Enjoy the journey. Enjoy the process.

These aren’t new concepts but they have become buzzwords especially recently. During a time where experiences are being rated more highly for happiness than material gains, this is only natural. But while it can be easy to tell someone about this, applying this idea is a whole other story.

From a leadership standpoint, this could mean the difference between a leader who is only focuses on results and a leader who focuses on culture.

So how can leaders do more of this and possibly inspire those under them to do the same?


Step one is always being aware of when you are NOT enjoying the process. This is a habit that you can slowly pick up and keep practicing until you can catch yourself thinking unproductive thoughts.

But you probably heard of that already. That is always the first step.

So what comes next?

That is to analyze the thoughts you are having when you are unhappy with the process. These thoughts have an impact on how you feel and how you feel has an impact on how you perform.

By going through this process, you may realize that this chain leads to undesired results. You may see where you could be doing better. You might realize how others may feel while interacting with you when you are displeased. One way or another, you start to see the tail ends of your blind spots.

So in order to rewrite this chain, you start with the first part of the sequence: your thoughts. Ask yourself this: what is another way of looking at this situation?

You can even ask this question more than once and with some variations to add more perspective to what you’re doing. What if you thought about this way? What would this person do?

Find a new thought that makes you feel differently about the situation. What you do in terms of the tasks you have to do will not change but how you go through them will. This has a bigger impact than you think on your goals.

Does this sound simple? It is. But that is only because saying this is much easier than doing so.

We all have the freedom to choose our thoughts. But  most of us just let our thoughts run on autopilot without thinking about whether or not they’re serving us

Be intentional; don’t be a zombie.

Now, here are two alternate ways of thinking to help you get started.


Whether it’s simply by writing post-it notes or by using apps, using games as a way of immersing yourself in the process is not a foreign idea. There have been many TED Talks, blogs and thought leadership about gamification in recent years.

The idea is to take the all of the fun and addicting elements within games and apply them to real life challenges.

This has nothing to do with the gaming industry nor is it simply about getting badges and milestones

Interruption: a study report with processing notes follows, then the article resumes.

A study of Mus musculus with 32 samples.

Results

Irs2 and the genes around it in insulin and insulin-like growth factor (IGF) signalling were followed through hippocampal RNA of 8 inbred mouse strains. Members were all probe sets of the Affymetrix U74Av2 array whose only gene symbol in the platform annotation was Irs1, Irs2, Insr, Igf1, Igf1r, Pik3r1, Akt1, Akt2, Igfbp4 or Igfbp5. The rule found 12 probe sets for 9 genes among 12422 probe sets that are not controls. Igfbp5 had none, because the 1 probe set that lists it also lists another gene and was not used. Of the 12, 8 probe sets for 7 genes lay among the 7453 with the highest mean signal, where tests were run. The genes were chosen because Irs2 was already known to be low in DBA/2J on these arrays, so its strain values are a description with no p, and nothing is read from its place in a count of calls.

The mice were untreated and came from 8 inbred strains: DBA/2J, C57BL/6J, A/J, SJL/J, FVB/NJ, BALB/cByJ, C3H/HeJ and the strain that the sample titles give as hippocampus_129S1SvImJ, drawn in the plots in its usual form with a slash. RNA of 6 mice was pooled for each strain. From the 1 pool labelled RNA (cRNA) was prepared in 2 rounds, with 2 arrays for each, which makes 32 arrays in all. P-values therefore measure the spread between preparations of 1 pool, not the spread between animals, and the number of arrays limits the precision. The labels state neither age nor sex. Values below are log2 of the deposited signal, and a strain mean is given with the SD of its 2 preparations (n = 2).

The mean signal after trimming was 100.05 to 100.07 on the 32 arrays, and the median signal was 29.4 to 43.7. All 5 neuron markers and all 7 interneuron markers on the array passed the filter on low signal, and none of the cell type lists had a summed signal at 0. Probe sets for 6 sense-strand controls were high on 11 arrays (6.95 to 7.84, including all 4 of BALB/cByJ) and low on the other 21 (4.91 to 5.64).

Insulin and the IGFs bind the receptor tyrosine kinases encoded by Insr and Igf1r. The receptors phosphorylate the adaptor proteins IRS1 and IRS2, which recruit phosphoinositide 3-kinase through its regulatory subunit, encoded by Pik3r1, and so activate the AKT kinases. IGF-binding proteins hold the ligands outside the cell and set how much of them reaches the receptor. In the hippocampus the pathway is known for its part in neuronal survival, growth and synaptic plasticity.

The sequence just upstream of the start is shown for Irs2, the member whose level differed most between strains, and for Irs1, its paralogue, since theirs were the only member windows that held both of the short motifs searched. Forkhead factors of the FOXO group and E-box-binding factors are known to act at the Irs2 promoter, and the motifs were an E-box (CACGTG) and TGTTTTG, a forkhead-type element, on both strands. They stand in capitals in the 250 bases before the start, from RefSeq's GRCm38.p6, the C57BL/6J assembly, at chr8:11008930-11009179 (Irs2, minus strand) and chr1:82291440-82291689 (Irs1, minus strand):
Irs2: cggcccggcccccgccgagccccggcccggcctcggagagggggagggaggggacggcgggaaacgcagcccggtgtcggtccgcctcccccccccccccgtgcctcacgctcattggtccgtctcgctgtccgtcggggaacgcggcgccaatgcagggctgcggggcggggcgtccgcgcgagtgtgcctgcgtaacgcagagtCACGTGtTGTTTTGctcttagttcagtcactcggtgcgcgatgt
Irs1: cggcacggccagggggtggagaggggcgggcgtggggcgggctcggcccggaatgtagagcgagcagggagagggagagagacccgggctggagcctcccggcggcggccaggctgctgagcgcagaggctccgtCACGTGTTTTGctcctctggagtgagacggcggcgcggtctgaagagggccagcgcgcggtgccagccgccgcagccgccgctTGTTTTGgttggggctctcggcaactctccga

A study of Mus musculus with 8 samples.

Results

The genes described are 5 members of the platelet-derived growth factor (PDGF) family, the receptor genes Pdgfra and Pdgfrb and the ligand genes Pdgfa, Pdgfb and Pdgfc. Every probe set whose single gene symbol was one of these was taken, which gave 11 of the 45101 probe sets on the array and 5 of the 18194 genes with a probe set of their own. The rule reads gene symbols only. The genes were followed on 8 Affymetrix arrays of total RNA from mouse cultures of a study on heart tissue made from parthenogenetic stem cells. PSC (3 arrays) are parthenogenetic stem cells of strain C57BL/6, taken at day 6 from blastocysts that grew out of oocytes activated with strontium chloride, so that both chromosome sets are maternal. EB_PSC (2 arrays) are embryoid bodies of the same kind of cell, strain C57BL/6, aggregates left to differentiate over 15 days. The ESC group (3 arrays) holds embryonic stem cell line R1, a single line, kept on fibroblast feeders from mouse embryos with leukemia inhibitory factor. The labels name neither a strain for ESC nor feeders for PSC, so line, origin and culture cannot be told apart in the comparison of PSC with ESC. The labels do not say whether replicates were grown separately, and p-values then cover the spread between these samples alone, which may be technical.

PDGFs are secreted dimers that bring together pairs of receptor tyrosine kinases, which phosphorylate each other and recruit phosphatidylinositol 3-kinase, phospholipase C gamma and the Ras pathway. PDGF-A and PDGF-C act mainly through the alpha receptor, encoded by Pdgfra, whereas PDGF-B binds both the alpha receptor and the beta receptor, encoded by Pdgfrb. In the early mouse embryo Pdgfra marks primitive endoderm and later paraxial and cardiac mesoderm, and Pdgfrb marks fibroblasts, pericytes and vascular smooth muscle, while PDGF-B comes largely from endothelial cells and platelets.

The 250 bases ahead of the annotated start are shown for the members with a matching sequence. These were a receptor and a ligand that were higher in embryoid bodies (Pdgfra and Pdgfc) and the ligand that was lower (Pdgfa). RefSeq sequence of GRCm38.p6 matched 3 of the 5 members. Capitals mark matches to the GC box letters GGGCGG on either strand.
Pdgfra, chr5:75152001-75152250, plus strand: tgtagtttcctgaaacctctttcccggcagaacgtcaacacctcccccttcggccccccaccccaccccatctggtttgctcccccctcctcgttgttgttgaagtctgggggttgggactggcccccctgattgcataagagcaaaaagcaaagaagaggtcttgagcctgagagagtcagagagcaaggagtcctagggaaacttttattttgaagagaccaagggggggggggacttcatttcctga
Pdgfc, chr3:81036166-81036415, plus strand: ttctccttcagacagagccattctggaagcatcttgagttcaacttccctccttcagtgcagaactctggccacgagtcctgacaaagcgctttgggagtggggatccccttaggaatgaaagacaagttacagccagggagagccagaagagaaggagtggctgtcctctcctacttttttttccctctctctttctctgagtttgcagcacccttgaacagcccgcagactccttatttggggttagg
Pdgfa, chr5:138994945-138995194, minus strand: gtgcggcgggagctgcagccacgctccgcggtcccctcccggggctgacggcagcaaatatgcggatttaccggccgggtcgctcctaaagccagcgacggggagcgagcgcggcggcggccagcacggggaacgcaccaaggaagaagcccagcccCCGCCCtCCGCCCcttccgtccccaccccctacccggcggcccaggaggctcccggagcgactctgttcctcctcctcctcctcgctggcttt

Instead, if you take core drivers that make games addictive and apply them to whichever activity or challenge you’re facing, you will hit new heights in productivity. One such core driver is having unpredictability (such as getting unknown rewards). Another is creating meaning to what you’re doing. Yet another is having ownership of what you create.

If this all sounds familiar, then you’re right. Many of the elements that make a game fun are very similar to how a leader motivates others.

If you want to learn more, I recommend reading Yukai Chou’s blog or how a good friend of mine used gamification to get a job at Google.

A Sense Of Connection

One of the biggest drivers of changing one’s perspective about the journey is whether or not you are going through it with others. If you’re stuck at a dead-end job, having a good friend there makes all the difference. If you hate the work that you do but love the people on your team, things don’t seem as bad.

Humans are by nature social creatures and the people you surround yourself with has a huge effect on you. Actually, in modern times, others’ expectations of us can even overpower our own sense of self.

While I discuss that in another post, this is about using the company of others to help you think about your experience differently.

What do others think about what you’re currently dealing with? If they think differently than you do, why is that? What thoughts of theirs might you want to use as your own?

Then turn the questions back to you: what kind of people do you like to be with? Why do they make experiences more enjoyable? How can you get more people like that within the process of what you’re currently doing?

And So…

Yes, there are a lot of questions you have to answer for yourself. But they’re well worth the time and effort.

Recently, I closed on my first real estate investment deals. These took a long time and given that I started learning about real estate even further before, these deals were a long way coming. I had built them up in my head as something that would be amazing.

However after the initial celebratory feelings were over, I realized that this didn’t exactly make me happy. Instead I realized that I enjoyed the process of putting together these deals, whether it was getting the right team together or getting the best quotes on the various services we required. It was the feeling that I was making my dreams happen that really motivated me.

The end isn’t something we should look forward to as much as we think. If you’re not happy doing what you are doing now, then any happiness you aim for will be fleeting.